Guest Post: MaximumASP and Hyper-V

Hi, my name is Dominic Foster, Chief Technology Officer at MaximumASP, which is a web hosting and IT services provider that sells/markets/services Microsoft technologies to the SMB business market.

A core element of the MaximumASP business model is a complete commitment to exclusively offering hosting solutions that deliver Microsoft technologies.  This overall market and product focus has been the leading success factor in our growth over the past eight years.

Server consolidation was a very appealing aspect of virtualization – it quite simply allows us to reduce the amount of physical machines in our datacenter. This consolidation gives us greater utilization on our hardware and reduces costs on machines, licensing, and power. Reducing the amount of our physical servers in the datacenter also means less power and cooling costs and lower overall total energy consumption.

Virtualization also gives us the flexibility and scalability we need to make smooth changes to the underlying infrastructure with minimal impact on systems or applications.

During our research we found the TCO of Windows Server 2008 Hyper-V with System Center to be a less expensive solution than a similar toolset from VMware. Being completely manageable by System Center allowed us the flexibility to use the same management tools for both Hyper-V and physical servers. An added benefit was the consistent Microsoft look and feel for System Center so there was not the typical steep learning curve associated with a new toolset. Strong support from Microsoft and the MVP program facilitated our quick adoption of Hyper-V.

It was important for us to be involved in the Hyper-V Go Live program to get access to resources and contacts that could help us bring our solution to market faster.  It was also an opportunity to connect with Microsoft to allow us to get our questions answered, and brainstorm our ideas. We’ve been able to get our questions answered, and/or routed to the product team. We’ve been able to connect with technical, and marketing Microsoft contacts that help us further develop relationships in one of our ‘core’ competencies and focus areas.

In May of 2008 we dispatched a virtualization survey to 2,313 customers and received a 10% response rate. The response was overwhelmingly positive with 79% of respondents saying they would consider running their web applications on a virtual server.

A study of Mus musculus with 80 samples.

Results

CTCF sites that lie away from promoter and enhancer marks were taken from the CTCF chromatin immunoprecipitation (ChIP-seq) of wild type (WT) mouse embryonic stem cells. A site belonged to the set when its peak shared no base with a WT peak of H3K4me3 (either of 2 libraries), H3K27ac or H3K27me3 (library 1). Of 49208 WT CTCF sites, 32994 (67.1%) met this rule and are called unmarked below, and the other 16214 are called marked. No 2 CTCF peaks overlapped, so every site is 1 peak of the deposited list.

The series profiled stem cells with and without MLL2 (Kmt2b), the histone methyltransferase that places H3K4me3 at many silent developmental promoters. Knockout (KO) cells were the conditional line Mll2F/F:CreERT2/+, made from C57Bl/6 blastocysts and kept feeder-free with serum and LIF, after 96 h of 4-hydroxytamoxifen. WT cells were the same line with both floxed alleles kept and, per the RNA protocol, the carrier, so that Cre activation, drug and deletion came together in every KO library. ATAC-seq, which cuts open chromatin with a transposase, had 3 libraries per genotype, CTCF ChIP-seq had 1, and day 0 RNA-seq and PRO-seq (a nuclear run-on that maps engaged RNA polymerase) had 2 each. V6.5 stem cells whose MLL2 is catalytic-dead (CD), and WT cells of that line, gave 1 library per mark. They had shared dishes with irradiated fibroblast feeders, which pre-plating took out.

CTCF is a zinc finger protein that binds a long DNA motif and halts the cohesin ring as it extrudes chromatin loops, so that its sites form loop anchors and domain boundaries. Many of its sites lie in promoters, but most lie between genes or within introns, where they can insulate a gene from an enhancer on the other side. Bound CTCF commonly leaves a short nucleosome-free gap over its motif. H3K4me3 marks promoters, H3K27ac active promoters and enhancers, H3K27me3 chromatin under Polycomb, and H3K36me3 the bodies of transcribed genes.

Here are some open ended comments from the survey:

·         “Being able to store a configured image of a machine and just click-and-drag that image into reality is earth shattering. Deploying virtual SANs, load balancers, and firewalls for pennies on the dollar would give my company a real advantage in our niche.”

·         “The line between software and hardware is becoming increasingly blurry. Companies like mine must leverage these innovations or yield market to those who can.”


Virtualization will continue to be a major focus for us, not only for reasons of consolidation and reduction in operating costs, but also to enable more rapid deployment of new application servers, reduced down time for server maintenance, to reduce driver dependencies for new hardware, and the assistance in disaster recovery planning.

Dominic Foster, Chief Technology Officer, MaximumASP

 UPDATE (August 11th)

Thanks for the comment by wanderson. Microsoft has asked me to update my original guest post so I can address Wayne’s comment.


There were a few key features that we required when evaluating solutions. While VMware has a rich feature set in VI3 Enterprise, some simply were not needed. For our environment Hyper-V managed by System Center Server Management Suite, not just SCVMM, was a perfect fit. Some of the key features we needed were:


64-bit Support – Both support this.
Migration – While quick migration from Microsoft does incur downtime when the machine  saves state then shift the LUN owner, we found the period in our environment rather short. It is obviously not a Live Migration like Vmotion, not yet anyway, but we did not require this.

High Availability – Both support HA/Clustering

Online Backup – We wanted to provide two methods of backup so we decided on Volume Shadow Copy Services from the host and System Center Data protection manager inside the guest.


During the evaluation period the Cost was structured as the following:

Vmware per Server

Virtual Machine Solution VI3 Enterprise 2 Processor x $5750

Management Server (VirtualCenter): $6044


Hyper-V and System Center per Server

Pricing for Server Management Suite Enterprise $1290


Vmware pricing from

Microsoft pricing from


I have omitted the cost of the Windows OS since in either scenario the cost is the same.


In addition we currently use pieces of System Center in our environment and would have to also purchase it if using VMware.


In closing I have to say if the cost of the products during our testing were equal we would have chosen VMware. It has been the industry leader, and is more mature in its development and feature set. However from the numbers above you can see there is a drastic difference in the pricing of the two products and our requirements did not warrant the additional cost.